How is critical thinking taught? How will the next generation cope with an ever-changing and increasingly complex world?
These are questions that the Grand Strategy program at Yale seeks to address. The Brady-Johnson Program in Grand Strategy seeks to revive the study and practice of grand strategy by devising methods to teach that subject at the graduate and undergraduate levels, by training future leaders to think about and implement grand strategies in imaginative and effective ways, and by organizing public events that emphasize the importance of grand strategy.
The program defines “grand strategy” as a comprehensive plan of action, based on the calculated relationship of means to large ends. Never an exact science, grand strategy requires constant reassessment and adjustment. Flexibility is key. Traditionally believed to belong to and best-developed in the politico-military and governmental realms, the concept of grand strategy applies—and ISS believes is essential—to a broad spectrum of human activities, not least those of international institutions, non-governmental organizations, and private businesses and corporations.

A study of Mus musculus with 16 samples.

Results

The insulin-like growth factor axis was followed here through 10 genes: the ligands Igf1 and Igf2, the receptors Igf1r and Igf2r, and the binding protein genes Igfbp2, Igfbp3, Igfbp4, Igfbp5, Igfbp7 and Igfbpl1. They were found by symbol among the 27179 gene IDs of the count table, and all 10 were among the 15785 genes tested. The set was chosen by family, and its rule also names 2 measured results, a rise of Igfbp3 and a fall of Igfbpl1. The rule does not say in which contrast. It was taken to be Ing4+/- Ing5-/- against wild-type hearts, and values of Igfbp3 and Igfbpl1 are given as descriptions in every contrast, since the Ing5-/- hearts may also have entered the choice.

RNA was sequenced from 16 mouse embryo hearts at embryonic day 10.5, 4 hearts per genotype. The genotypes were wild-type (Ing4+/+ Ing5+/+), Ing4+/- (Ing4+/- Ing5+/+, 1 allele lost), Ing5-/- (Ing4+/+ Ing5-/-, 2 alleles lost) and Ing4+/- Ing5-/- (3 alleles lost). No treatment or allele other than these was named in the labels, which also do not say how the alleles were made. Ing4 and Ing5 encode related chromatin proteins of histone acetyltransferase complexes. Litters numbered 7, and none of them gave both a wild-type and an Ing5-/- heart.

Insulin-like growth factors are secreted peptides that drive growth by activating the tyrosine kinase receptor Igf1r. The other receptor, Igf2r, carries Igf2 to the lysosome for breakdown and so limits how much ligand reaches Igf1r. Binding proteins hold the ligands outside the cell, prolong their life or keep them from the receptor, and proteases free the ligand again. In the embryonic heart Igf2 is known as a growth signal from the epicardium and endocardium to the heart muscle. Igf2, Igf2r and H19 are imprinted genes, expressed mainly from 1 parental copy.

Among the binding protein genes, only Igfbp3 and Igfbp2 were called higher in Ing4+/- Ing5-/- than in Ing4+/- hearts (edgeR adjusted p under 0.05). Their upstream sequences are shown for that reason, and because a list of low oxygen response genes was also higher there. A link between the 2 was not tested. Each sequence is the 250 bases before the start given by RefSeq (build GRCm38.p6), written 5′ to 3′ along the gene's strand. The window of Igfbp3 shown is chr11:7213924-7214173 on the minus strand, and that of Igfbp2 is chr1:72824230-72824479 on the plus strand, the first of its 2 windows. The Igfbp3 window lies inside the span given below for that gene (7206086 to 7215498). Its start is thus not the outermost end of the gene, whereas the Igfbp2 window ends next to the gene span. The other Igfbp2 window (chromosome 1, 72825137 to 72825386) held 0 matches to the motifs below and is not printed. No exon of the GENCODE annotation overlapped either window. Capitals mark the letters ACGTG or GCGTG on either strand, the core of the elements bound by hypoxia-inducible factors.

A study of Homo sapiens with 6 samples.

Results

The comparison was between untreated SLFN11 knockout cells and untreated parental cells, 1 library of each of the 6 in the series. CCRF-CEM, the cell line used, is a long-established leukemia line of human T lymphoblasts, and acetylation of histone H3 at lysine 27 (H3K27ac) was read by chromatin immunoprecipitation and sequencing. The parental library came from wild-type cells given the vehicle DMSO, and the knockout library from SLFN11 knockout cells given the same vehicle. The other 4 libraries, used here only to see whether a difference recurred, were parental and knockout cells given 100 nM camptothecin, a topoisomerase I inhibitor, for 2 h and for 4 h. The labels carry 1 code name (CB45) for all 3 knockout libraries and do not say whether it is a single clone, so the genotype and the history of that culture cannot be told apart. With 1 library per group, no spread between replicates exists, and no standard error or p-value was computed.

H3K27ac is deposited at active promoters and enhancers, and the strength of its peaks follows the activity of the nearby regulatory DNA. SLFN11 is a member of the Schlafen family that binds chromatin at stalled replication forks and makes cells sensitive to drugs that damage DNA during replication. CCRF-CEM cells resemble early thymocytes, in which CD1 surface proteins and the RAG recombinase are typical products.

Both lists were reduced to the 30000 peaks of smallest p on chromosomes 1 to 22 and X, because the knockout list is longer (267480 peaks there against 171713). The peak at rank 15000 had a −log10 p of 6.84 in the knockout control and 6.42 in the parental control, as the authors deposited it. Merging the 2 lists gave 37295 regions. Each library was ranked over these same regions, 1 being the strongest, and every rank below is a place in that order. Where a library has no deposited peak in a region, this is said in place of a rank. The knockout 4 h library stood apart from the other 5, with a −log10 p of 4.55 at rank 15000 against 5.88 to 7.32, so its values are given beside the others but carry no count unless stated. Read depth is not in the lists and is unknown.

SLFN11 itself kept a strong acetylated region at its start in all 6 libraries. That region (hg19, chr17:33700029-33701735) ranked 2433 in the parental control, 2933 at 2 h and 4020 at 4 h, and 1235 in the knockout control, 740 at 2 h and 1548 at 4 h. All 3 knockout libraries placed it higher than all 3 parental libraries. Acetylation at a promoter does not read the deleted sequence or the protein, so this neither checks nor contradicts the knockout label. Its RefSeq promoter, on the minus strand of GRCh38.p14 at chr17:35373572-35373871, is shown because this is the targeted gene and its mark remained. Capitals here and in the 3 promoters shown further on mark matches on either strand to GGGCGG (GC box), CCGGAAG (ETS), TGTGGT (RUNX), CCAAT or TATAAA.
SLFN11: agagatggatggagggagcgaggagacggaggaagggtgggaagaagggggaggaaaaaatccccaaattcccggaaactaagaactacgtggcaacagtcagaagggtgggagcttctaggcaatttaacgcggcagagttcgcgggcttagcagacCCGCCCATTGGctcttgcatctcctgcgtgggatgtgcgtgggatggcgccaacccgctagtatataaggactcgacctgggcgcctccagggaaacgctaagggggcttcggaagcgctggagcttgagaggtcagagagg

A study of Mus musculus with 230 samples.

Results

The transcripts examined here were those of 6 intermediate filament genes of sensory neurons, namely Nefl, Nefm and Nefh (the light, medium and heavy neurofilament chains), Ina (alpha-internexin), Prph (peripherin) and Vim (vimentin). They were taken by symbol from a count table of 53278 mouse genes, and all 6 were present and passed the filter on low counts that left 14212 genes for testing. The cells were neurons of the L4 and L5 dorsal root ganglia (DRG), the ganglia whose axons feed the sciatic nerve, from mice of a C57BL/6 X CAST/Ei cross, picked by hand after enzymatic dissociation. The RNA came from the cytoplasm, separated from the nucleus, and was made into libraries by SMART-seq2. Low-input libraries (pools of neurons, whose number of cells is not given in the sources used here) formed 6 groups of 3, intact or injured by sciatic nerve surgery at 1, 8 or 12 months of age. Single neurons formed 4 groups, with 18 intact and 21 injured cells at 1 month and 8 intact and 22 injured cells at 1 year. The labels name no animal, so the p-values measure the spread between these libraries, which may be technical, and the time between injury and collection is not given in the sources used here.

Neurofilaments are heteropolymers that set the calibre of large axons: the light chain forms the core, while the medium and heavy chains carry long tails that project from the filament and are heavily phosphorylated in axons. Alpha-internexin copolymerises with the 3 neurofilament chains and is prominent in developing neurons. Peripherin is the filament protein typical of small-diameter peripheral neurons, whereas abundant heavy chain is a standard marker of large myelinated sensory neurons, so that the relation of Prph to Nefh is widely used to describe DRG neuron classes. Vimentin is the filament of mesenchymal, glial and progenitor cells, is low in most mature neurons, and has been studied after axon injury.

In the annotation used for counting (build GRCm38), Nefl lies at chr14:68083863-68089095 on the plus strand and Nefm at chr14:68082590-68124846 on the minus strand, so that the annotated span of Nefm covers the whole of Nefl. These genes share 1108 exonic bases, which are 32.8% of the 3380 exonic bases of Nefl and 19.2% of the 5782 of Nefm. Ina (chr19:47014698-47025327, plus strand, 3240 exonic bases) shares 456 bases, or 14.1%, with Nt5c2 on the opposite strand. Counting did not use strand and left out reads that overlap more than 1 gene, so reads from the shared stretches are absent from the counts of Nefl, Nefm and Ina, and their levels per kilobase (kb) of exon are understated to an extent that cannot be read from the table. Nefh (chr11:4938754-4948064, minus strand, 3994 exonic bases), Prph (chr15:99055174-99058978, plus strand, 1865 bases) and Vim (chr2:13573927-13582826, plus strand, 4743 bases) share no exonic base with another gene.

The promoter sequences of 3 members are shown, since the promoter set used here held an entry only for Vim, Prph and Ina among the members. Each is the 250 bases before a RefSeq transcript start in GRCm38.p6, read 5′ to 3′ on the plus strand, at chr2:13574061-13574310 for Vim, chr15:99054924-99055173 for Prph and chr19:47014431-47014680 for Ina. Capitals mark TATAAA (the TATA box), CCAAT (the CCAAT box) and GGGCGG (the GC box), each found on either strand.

For fifteen years, the Grand Strategy program has been cultivating leadership skills of undergraduates and graduate students of Yale University. In Linda Kulman’s compelling book, we learn about this remarkable program from the inside, sharing the stress of the “murder boards,” the revelation of applying the classics to current geopolitical situations, and the crucial importance of fast decision-making under duress. Teaching Common Sense weaves together on-site reporting, archival research, and original survey data into an intellectual history of the Grand Strategy program.